It started with a zoo, a young boy, a gorilla, some untamed curiosity, and ended with a gun shot heard ’round the Internet. Harambe, the 17 year old Silverback gorilla from the Cincinnati Zoo was dead and the young boy who worked his way into his habitat was safe, but the story was not a happily ever after one.
Some folks complained about zoos being sinful bastions of man’s evil. Some folks complained about a gun being used on the gorilla instead of a tranquilizer or another form of pharmacological restraint. Some folks wondered where Dad was. Lots and lots and lots of folks agreed that Mom was a sorry excuse for a parent, clearly negligent and at fault, and personally responsible for the death of the gorilla.
Mom shaming has become the newest national past time, universally practiced (often by fellow mothers), and cheap entertainment. Grab the popcorn, prop up the feet, and read the comments. Who can use the most vile language to speculate what a horrible person mom must be? Who can get the most “likes” on their comment describing the massive flaws of a woman who nearly watched her child die an unspeakable death?
Here’s my POV about what happened in the Cincinnati Zoo over the weekend: I officially have no opinion because I wasn’t there.
I did not personally witness a mother’s negligence, so have no ability to comment on that. I did not personally witness or debrief the team of zookeepers who opted to fatally harm the gorilla in question, so have no ability to comment on that. I will not personally cast any blame whatsoever having not been anywhere near the events in question or having stood in any of the important shoes in question, namely those of parent, child, or zookeeper. I would add gorilla to that mix, for all you folks who love animals more than humans (and I know this exists and is a thing — no judgment from me, as humans suck much of the time), but, you know, gorillas don’t wear shoes, yo.
See how easy that is?
Sadly, so much of the Internet doesn’t see the merit in my restraint. Mom has quickly become this week’s online public enemy number one. In my own circles, I saw shade thrown mostly by fathers or women without children. In other online circles, the hatred towards mom was much more democratic — young, old, mothers, fathers, those with kids, those without kids.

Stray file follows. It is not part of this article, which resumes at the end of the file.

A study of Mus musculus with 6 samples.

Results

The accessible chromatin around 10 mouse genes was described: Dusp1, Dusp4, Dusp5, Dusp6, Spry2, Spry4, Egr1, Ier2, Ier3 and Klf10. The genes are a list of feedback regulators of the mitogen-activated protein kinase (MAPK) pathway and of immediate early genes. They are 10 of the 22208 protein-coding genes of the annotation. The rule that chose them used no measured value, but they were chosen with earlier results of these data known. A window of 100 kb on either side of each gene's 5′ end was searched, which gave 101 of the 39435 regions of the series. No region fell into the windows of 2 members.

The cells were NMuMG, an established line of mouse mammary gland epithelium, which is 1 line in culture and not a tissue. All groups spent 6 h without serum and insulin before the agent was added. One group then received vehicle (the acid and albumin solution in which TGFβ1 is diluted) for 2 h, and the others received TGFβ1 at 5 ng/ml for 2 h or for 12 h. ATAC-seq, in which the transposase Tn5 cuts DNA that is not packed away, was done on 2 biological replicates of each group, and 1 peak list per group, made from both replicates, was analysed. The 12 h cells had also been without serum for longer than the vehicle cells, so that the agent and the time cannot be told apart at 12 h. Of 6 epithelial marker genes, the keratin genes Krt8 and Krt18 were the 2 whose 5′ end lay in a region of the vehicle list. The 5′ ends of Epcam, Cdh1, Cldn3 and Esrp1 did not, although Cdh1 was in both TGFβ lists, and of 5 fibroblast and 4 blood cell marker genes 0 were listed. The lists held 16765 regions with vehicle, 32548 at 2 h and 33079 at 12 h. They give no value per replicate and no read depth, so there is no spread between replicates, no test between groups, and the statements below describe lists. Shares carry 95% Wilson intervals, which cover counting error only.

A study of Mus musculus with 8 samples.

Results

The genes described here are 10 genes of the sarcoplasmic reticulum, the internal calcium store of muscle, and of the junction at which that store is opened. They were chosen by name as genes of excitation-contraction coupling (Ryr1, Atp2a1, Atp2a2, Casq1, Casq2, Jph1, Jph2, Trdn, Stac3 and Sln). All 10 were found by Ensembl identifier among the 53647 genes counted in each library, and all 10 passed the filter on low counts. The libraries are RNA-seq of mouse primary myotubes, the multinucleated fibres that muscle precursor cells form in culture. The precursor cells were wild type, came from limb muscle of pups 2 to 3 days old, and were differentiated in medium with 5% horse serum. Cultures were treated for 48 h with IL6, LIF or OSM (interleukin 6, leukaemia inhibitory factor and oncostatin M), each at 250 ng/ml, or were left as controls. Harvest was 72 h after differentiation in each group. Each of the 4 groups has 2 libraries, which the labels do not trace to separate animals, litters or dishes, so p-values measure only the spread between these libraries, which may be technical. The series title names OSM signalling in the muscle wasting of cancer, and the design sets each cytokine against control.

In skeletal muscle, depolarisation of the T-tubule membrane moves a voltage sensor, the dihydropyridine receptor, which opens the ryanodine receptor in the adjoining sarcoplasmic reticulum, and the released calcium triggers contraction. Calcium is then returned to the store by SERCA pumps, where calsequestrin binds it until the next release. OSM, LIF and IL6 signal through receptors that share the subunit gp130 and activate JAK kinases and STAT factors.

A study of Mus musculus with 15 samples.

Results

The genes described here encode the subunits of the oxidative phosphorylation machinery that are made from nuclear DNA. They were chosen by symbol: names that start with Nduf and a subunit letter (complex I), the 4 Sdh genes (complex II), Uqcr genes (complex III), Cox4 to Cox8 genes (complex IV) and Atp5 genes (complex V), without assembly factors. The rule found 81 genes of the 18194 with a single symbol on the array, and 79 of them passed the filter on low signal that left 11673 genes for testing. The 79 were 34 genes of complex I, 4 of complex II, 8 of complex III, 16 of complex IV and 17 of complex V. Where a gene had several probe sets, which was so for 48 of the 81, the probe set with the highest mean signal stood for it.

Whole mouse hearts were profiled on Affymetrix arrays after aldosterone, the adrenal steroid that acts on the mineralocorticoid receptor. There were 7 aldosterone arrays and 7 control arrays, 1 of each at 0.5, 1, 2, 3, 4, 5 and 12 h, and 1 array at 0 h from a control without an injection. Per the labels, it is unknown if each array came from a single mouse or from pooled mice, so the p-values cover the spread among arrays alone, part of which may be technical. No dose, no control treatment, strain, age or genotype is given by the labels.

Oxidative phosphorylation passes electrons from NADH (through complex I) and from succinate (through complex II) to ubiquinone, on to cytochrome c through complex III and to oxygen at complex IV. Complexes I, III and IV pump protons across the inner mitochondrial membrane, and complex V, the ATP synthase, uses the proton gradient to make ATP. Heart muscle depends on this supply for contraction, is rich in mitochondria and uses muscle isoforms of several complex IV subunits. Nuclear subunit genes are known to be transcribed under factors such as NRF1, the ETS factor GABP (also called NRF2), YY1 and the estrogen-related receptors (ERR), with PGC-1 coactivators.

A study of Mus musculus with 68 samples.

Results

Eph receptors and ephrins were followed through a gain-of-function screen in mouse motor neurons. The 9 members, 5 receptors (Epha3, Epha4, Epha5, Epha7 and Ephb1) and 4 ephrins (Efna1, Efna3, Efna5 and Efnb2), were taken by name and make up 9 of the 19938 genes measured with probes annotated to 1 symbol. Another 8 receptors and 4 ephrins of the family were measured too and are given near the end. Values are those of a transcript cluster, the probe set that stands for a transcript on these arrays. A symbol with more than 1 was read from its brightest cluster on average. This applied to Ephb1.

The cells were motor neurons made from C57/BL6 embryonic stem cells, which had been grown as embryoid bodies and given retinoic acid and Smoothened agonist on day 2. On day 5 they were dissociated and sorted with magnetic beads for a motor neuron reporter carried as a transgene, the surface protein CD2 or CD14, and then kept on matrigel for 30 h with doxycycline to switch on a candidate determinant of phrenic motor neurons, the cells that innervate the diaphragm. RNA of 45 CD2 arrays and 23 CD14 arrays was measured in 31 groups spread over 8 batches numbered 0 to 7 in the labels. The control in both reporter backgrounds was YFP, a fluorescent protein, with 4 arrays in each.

I read a little, but for the most part just kept scrolling. What is it about us that we need to proclaim, in writing and publicly, how awful we think other people are, especially in the face of their personal tragedy? It’s not enough to assume that mom is already feeling, no doubt, horribly responsible for a child that could have easily died on her watch, we need to revile her openly, aggressively, gleefully, almost.
It’s like the Walk of Atonement from Game of Thrones. This mother was metaphorically forced to walk amongst her Internet commenters and simply absorb the hate that was thrown her way. And as awful as that endless mob of ugly was in King’s Landing for Cersei Lannister, I wonder if a single commenter that cast judgment about the Cincinnati Zoo mother’s parenting abilities might consider that she would be aware of the hate cast her way.
We shame moms openly, without concern. Where was Dad? Not on the radar, as it was Mom at the zoo with the very active and curious four year old, not Dad. Though, full disclosure, I did see a friend post a UK story about how Dad has a rap sheet for gang violence and drug use. Somehow, this news, too, is more reflective of what a horrible parent mom is, for choosing such a man to father her children.
Every one of our transgressions is only a click away, folks, which is sort of my point. Let thee without sins cast the first stone. Isn’t that what Jesus taught? Man, I’m not even religious and know that. For every commenter who speculated about how qualified the Cincinnati Zoo mom is to be a parent, take a deep breath and consider your own parenting flaws. For every commenter who posted about how mom is personally responsible for the death of Harambe and should be made to literally pay for his death, take a deep breath and consider the concept of flow charts and chains of command.
Let’s stop engaging in the gleeful mom shaming that is so rampant on the Internet. When you are baited by news outlets craving the next big story, have your thoughts and opinions, by all means, but perhaps refrain from sharing them online, adding to this growing culture of mom v. mob. For all you know, the next time a mistake is captured on someone else’s cell phone, it might be yours. And you know when it is, you’re moments away from that virtual Walk of Atonement.